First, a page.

The world’s largest commodity traders are investing heavily in data processing and analysis in a race to develop a technological edge over rivals.

Groups such as Vitol and Trafigura, which traditionally relied on political connections, handshakes and logistical skill to move natural resources from remote locations to willing buyers, are increasingly focused on how to apply artificial intelligence in the most physical of industries.

“In a way it’s an arms race,” Russell Hardy, chief executive of Vitol, the world’s biggest oil trader, told the FT Commodities Global Summit in Lausanne this month. Trading houses were seeking to use AI in two main ways, he said — to improve business efficiency and to develop a trading “edge” by having more analytical power than competitors.

“I think we’re all trying to get to the moon first,” Hardy said. “But I would say that it’s helping with business efficiency today more than cracking the code of what the market is going to do this afternoon.”

Privately held Vitol, which employs about 1,800 people, made a record $15.1bn in net profit in 2022 and about $13bn in 2023, making it one of the most profitable companies in the world on a per capita basis.

The push to harness the latest technological tools is partly a reaction to competition from hedge funds and other data-led trading teams, which move fewer physical commodities but have built lucrative businesses trading commodity-linked securities and other financial products.

The most advanced data-led trading operation in the sector is arguably found at the Miami-headquartered hedge fund Citadel, which hired commodity trader Sebastian Barrack from Macquarie in 2017 to lead a bigger push into energy and raw materials.

In the hunt for an informational advantage, one of Barack’s first moves was to hire a 20-strong team of weather forecasters. The broader commodity trading team has since swelled to more than 300 people including analysts and engineers.

Oil and refined products is one area where the available data on supply levels, demand patterns and logistical variables has ballooned in recent years, Barrack told the Financial Times. “The prolific growth of the data that’s becoming available to us is literally making us better-informed investors.”

For data-led trading strategies the energy transition promises to be a boon because it will increase complexity and require more sophisticated tools to model markets, particularly when there is a lack of historical information in a new area, he added. “The more detail, the more complexity, the more there is a lack of backward-looking data, the better for us.”

Citadel made a record $16bn in 2022 to displace Bridgewater as the most successful hedge fund of all time, according to research by LCH Investments. Approximately half of that came from commodities as the firm, like other traders, profited from the extreme volatility in energy markets following Russia’s invasion of Ukraine, the FT has reported. Citadel declined to disclose its 2023 performance.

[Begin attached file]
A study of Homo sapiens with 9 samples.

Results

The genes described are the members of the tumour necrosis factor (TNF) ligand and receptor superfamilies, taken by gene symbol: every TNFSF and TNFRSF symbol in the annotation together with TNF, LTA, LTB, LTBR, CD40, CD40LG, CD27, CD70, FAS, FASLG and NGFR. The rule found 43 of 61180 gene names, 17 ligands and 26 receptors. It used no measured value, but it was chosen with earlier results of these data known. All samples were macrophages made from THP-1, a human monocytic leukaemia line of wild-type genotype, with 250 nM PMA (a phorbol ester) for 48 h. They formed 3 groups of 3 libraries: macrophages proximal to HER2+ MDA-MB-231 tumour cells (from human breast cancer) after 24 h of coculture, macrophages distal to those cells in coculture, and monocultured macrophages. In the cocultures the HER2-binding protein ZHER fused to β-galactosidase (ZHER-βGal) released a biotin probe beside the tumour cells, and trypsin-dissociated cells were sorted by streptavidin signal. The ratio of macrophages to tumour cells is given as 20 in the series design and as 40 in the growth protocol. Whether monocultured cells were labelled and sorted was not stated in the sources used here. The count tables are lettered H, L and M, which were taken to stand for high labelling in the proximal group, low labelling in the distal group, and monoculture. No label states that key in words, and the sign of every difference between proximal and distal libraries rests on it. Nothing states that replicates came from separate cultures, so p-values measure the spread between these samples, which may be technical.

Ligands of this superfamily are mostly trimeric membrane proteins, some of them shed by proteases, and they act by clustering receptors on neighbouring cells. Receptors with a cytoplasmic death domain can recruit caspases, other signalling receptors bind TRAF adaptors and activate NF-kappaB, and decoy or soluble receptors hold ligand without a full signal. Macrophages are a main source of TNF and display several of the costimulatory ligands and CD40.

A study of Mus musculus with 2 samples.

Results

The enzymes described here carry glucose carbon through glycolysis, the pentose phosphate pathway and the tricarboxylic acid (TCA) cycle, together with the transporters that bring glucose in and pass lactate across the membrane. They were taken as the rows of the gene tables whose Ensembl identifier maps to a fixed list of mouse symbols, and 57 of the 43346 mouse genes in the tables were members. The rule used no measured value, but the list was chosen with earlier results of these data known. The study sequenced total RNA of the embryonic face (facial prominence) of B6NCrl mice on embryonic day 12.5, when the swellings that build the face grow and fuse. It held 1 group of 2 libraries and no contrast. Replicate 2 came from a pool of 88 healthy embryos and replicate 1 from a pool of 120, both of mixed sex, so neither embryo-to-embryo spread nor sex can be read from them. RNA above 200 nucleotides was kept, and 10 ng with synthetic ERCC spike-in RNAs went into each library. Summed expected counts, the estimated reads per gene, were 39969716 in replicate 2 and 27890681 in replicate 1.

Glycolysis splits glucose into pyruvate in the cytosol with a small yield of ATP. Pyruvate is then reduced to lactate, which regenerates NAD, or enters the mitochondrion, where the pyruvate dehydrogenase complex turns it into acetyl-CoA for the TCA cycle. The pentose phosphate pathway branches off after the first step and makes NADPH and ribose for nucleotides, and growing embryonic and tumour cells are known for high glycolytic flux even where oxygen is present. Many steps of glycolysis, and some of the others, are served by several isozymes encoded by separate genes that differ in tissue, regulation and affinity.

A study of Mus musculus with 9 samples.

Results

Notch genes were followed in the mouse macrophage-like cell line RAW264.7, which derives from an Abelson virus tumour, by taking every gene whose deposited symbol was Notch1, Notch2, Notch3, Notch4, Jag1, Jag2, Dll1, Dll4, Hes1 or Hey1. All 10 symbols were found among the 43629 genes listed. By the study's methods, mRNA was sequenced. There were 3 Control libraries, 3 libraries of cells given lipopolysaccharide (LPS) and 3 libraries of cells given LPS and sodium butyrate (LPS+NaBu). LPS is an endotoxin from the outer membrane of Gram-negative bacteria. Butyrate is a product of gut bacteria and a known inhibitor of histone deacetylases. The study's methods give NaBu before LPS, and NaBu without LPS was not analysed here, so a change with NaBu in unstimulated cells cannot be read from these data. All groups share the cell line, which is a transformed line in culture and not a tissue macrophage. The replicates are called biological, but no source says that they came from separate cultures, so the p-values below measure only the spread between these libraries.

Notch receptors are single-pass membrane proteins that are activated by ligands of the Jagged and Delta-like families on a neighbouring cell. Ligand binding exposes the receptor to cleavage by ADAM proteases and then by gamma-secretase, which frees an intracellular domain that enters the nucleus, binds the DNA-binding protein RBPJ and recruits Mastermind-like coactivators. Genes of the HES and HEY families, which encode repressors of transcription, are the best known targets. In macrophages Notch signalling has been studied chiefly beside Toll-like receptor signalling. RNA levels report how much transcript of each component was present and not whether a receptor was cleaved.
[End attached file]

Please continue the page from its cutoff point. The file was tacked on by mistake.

Column chart of Trading ebit ($bn) showing Commodity trading profits increased from 2022 record even as market volatility eased

The ability to process large volumes of data is particularly important in the fast-growing area of power trading, where the regulated nature of electricity markets produces large amounts of information. 

Consultants McKinsey estimate that data-driven trading firms captured a quarter of gas and power trading profits globally in 2022, up from less than 5 per cent in 2021.

That competition has forced traditional commodity traders such as Trafigura, which made a record $7.4bn in 2023, to invest to keep up. It set up a power trading division three years ago.

Richard Holtum, head of gas, power and renewables at Trafigura, said his team “uploads several billion discrete bits of data into the cloud” every day. “The challenge there is using AI to interrogate that data in a better, more efficient way to improve the trading decisions that we are then making,” he said. “I think right now we are at the very tip of the iceberg on what AI can do.”

Switzerland-based Mercuria, founded in 2004 by Marco Dunand and Daniel Jaeggi, was predominantly an oil trader but bolstered its power trading operations in 2014 through the acquisition of part of JPMorgan’s physical commodities business.

Dunand told the FT that the informational advantage accumulated by data-led players such as Citadel was helping them take larger positions in the market, but that AI could help Mercuria bridge that gap.

“If you wanted to mirror Citadel as an example for collecting data, I think it would take a lot of time, a lot of money . . . so we are spending a lot of time and effort trying to develop our own AI machines in order to kind of close those gaps,” he said. Mercuria made approximately $2.7bn in 2023, he added, slightly down from the record $3bn set the previous year.

However, the physical traders are not about to stop getting their hands dirty.

“You can actually be a player in the market without trading physical but that’s not for us,” Dunand said. “I think ultimately, the world needs energy and we’re energy traders, so if you don’t move this stuff, you know the world doesn’t work.”